Lube Notes: Grease Lube for Your Vehicle - 2

Volume 2 Issue 4 - Lubrication

Article Index
Lube Notes: Grease Lube for Your Vehicle
Grease Lube Composition
Grease Compatibility
All Pages

Grease Lube Composition

Greases are made from oil and thickeners (sometimes called soaps). The process is simple but the details are fairly complex. The lubricating oil can be petroleum or synthetic and can vary in viscosity. Additionally, anti-wear and extreme pressure additives can be added to formulate greases for specific applications, such as, high speed bearings, very cold or very hot conditions, open gears, extreme loads or high moisture conditions, to name a few. Oil and thickeners can be combined to offer greater temperature ranges and resistance to moisture. Thickeners can be combined or formulated with additional chemicals to produce more complex thickeners for specific applications.

Greases will vary in thickness depending on the amount and type of thickeners used as well as the viscosity of the lubricating oil used. The National Lubricating Grease Institute (NLGI) is the regulating body that establishes specific ratings for greases. Greases are rated on a hardness scale from 000 to 6; where 000 is a thick liquid, like pudding, and 6 is a block, similar to hard clay. Today, 000 grease lube is used as a replacement for gear lubes in bearings and differentials and number 6 grease is used where a rubbing action is needed to produce a light film on the surface to be lubricated. Wheel bearings and chassis greases used in auto and truck applications are usually NLGI #2. In very cold climates NLGI #1 grease is preferred because the grease will thicken in response to the temperatures. Synthetic greases thickened with appropriate compounds are functional over a wide temperature range, from minus 50ºF to 500ºF; petroleum greases are generally limited to 0°F to 300°F.

In 1991,the NLGI developed a classification system specifically targeting automotive greases (Table One). For the majority of readers, it is the appropriate rating system for your truck applications.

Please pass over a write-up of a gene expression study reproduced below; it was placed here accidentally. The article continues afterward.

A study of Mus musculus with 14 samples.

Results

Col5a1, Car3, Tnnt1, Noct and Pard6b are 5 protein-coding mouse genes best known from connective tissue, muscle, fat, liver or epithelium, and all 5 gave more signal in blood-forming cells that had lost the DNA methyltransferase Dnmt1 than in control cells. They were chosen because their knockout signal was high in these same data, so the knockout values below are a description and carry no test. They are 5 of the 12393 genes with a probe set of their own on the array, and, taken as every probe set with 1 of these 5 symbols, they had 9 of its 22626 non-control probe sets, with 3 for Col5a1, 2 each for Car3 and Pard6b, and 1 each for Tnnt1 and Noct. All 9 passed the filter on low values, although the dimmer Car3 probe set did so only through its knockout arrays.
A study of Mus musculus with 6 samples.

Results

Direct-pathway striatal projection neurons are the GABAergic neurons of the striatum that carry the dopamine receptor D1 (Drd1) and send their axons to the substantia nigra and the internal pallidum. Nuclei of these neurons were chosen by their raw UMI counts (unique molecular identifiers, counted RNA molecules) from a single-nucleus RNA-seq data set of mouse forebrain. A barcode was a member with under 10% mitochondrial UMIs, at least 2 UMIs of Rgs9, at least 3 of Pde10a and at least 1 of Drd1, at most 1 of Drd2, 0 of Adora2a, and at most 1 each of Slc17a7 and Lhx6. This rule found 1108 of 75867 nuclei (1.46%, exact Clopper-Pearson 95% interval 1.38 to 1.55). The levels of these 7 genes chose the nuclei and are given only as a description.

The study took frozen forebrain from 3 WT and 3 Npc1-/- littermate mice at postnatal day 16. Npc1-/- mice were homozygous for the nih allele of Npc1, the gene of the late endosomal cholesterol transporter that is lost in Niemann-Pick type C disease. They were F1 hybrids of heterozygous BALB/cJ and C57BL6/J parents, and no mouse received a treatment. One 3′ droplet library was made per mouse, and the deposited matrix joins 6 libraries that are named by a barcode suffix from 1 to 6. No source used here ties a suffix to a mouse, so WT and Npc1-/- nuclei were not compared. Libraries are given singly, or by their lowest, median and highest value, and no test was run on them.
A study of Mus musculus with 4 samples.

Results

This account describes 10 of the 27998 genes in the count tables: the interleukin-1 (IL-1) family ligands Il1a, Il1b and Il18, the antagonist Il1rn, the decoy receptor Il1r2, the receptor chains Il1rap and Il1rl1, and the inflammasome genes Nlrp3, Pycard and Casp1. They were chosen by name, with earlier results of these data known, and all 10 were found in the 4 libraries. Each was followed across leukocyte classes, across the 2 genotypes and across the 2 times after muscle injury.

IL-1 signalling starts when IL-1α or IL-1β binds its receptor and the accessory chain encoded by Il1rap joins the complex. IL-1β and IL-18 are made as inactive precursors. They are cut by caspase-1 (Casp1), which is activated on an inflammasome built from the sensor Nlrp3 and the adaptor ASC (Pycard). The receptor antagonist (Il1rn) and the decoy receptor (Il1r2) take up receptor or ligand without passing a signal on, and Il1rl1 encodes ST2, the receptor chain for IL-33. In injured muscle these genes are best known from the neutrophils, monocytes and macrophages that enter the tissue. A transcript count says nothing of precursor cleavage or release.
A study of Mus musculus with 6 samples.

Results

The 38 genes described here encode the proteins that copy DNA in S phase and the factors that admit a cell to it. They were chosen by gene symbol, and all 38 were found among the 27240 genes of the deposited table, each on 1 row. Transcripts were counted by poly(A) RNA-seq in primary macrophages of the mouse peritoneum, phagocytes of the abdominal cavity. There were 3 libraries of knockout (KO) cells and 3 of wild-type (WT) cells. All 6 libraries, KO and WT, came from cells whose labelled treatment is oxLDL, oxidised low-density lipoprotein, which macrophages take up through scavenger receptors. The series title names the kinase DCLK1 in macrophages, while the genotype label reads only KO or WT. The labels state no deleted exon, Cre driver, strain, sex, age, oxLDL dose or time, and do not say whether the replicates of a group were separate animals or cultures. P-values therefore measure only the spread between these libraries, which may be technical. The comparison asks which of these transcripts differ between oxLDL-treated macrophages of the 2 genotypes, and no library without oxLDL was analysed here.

NLGI Classification System for Automotive Greases (Table One)

Service Limitations
Mild duty, frequent re-lubrication
Infrequent re-lubrication, high loads, water exposure
Wheel Bearings
Mild duty
Wheel Bearings
Moderate duty, typical of most vehicles
Wheel Bearings
Severe duty, high temperatures, frequent stop and go service

So when you are looking to purchase grease lube for your truck, look for grease labeled GC-LB: grease rated for severe duty for the wheel bearings as well as for the chassis. Multi-purpose grease is the correct match for heavy duty pickups. Synthetic greases, available from Amsoil and Mobil will provide the best protection over the widest temperature range. Also, using synthetic multipurpose grease negates the need to buy moly-fortified heavy duty grease. Moly (molybdenum disulfide) is added to grease to provide extreme pressure lubrication. I have explained the difference in extreme pressure lubrication vs standard lubrication regimes in an earlier issue of Lube Notes, so please refer to that issue for the specific explanation. There are no legitimate extreme pressure grease points on heavy duty pickups, so save the heavy duty grease for larger equipment.


If the grease will be exposed to water, either by submersion or by spray, using water resistant grease is the best choice. To be water resistant, the grease must pass additional testing that insures its ability to cling to a surface while being sprayed with a stream of water. Water resistant greases contain additional thickeners and tackifiers that allow them to resist washing out. Sometimes, these greases will be labeled “marine” but more and more they are simple referred to as water resistant.